This is the second part of a series I’ve entitled, “Love Where You Live.” (You can find the first part here.) My desire is to shed light on some missiological truths about evangelism and provide you with practical ways you can reach people for Christ.
As I previously noted, it would be a mistake to view the decline of cultural Christianity in North America as signaling the decline of Christianity as a whole around the globe. Nevertheless, the North American church does have unique challenges to confront.
The Sky Is Falling—Or Is It?
Few would disagree with the claim that Christianity in the West has increasingly found itself on the cultural margins, driven by the winds of what Lesslie Newbigin called “religious pluralism.” That is, “[r]eligious belief is a private matter. Each of us is entitled to have—as we say a faith of our own.”1
This insistence on the privatization of faith will continue to exert significant pressure on the ministry of the church in various contexts. The church in North America is facing a moment of reckoning, as we confront the reality of declining attendance and cultural opposition.
Daniel Im confirms this trend:
Over the past few decades another shift has occurred—the Church has moved from the center of the culture and increasingly to the side. In some places, like the U.S. North East, provinces like Quebec, and cities like Portland, this shift occurred years ago. In other states and regions (like in the U.S. South), the shift has just begun. Although there’s been a greater emphasis on church planting and church growth, and church attendance has been relatively steady, the culture has not changed for the most part. In fact, it has become increasingly secular and pluralistic, with more people declaring “none” as their religious status. The writing on the wall is clear: Christians have lost their home field advantage.2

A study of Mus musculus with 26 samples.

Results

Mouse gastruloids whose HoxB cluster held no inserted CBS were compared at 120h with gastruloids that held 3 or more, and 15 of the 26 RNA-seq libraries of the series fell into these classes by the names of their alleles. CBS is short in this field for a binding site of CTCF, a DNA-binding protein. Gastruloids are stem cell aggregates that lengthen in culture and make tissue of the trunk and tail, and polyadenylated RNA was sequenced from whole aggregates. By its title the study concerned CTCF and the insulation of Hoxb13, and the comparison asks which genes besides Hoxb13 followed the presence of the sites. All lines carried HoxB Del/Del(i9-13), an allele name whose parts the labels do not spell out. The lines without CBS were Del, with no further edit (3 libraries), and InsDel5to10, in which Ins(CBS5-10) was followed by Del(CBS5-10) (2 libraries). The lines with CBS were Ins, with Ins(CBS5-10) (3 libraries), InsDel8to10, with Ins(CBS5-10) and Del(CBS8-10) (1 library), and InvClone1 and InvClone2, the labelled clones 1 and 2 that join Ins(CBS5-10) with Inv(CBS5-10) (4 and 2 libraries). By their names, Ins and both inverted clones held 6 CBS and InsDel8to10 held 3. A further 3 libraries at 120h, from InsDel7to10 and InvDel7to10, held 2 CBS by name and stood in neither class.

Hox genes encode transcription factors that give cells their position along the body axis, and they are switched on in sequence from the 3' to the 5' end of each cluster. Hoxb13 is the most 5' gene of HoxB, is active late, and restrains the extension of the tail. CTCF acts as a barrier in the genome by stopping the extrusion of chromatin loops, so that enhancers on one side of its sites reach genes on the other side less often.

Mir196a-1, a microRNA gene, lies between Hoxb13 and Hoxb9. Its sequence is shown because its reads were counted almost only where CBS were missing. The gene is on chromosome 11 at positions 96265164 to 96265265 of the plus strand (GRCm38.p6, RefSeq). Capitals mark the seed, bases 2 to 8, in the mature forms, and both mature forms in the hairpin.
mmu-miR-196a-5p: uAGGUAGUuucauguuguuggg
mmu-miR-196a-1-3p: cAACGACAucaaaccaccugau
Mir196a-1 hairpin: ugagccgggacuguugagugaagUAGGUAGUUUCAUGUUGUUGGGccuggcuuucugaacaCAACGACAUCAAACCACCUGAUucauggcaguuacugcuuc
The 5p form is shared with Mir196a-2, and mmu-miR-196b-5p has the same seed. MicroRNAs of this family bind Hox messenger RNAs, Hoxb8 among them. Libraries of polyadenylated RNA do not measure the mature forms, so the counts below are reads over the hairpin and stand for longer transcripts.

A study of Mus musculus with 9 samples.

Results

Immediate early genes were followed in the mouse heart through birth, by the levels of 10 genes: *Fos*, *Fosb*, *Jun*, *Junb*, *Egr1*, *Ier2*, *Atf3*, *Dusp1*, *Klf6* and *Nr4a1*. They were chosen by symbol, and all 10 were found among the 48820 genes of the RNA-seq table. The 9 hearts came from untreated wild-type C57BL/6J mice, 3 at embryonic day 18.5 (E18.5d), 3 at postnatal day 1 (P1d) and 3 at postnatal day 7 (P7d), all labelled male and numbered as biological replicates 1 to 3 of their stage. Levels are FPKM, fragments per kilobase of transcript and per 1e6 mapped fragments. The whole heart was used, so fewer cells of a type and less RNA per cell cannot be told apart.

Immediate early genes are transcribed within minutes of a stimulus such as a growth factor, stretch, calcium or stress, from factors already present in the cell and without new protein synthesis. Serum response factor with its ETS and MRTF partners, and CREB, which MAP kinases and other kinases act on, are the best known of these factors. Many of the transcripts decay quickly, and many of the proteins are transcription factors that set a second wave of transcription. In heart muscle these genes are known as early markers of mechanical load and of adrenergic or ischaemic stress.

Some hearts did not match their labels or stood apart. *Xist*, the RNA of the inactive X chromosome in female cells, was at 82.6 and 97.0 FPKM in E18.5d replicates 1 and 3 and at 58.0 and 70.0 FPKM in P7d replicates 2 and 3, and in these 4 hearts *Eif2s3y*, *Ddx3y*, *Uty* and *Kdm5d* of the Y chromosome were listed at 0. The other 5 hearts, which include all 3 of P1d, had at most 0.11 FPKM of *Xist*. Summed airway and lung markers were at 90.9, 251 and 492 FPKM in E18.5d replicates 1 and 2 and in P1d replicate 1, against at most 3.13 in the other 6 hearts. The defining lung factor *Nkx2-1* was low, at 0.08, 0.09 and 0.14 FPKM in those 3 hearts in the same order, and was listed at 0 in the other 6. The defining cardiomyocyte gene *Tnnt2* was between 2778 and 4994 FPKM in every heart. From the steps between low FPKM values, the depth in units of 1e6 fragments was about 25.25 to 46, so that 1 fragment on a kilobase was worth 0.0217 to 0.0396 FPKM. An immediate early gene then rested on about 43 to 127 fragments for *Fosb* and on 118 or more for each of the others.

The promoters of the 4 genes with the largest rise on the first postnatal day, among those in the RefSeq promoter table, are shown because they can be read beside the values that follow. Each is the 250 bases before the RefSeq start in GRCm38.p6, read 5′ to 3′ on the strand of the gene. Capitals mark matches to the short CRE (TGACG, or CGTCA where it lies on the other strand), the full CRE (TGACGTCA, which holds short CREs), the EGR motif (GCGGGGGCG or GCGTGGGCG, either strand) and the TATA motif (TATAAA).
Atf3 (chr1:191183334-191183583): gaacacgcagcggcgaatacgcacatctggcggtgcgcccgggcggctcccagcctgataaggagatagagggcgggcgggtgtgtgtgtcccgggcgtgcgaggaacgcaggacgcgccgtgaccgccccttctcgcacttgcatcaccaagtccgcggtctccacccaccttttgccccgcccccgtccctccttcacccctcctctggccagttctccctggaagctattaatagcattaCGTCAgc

While many are (prematurely) predicting the end of Christianity in the West, it is a far cry from reality. The reality is that the church in the West merely can no longer assume the place of cultural priority.
I see this as advantageous, a door of opportunity. David Bosch, a prolific South African missiologist, reminded us, “We can no longer speak of mission as if it were simply an option for the church. We must instead speak of mission as the very essence of the church.”3 To be effective in reaching an ever-changing culture, the church must be willing to adapt and innovate while staying true to the core message of the gospel. Yes, culture has shifted, but historically the Church has generally been most missionally-focused in uncertain, even culturally hostile, times.
Small Shifts Make a Big Difference
Most of us who answered God’s call to work in church leadership did so precisely because we wanted to see people who are far from God find a flourishing relationship with Jesus. But if we’re honest with ourselves, evangelism can often find itself in the backseat (or even the trunk!) of the church ministry vehicle. We tend toward either inaction (because we’re overwhelmed, anxious, or too busy) or complexity (over-thinking elaborate plans or even over-contextualizing outreach strategies).
1Lesslie Newbigin, “The Gospel in a Pluralist Society” (Grand Rapids, Eerdmans, 1989), 14.
2Daniel Im 2016. “Seismic Shifts and a Missional Response.” https://www.danielim.com/2016/10/04/seismic-shifts-missional-response/.
3David Bosch, “Transforming Mission: Paradigm Shifts in Theology of Mission,” Orbis Books, 1991.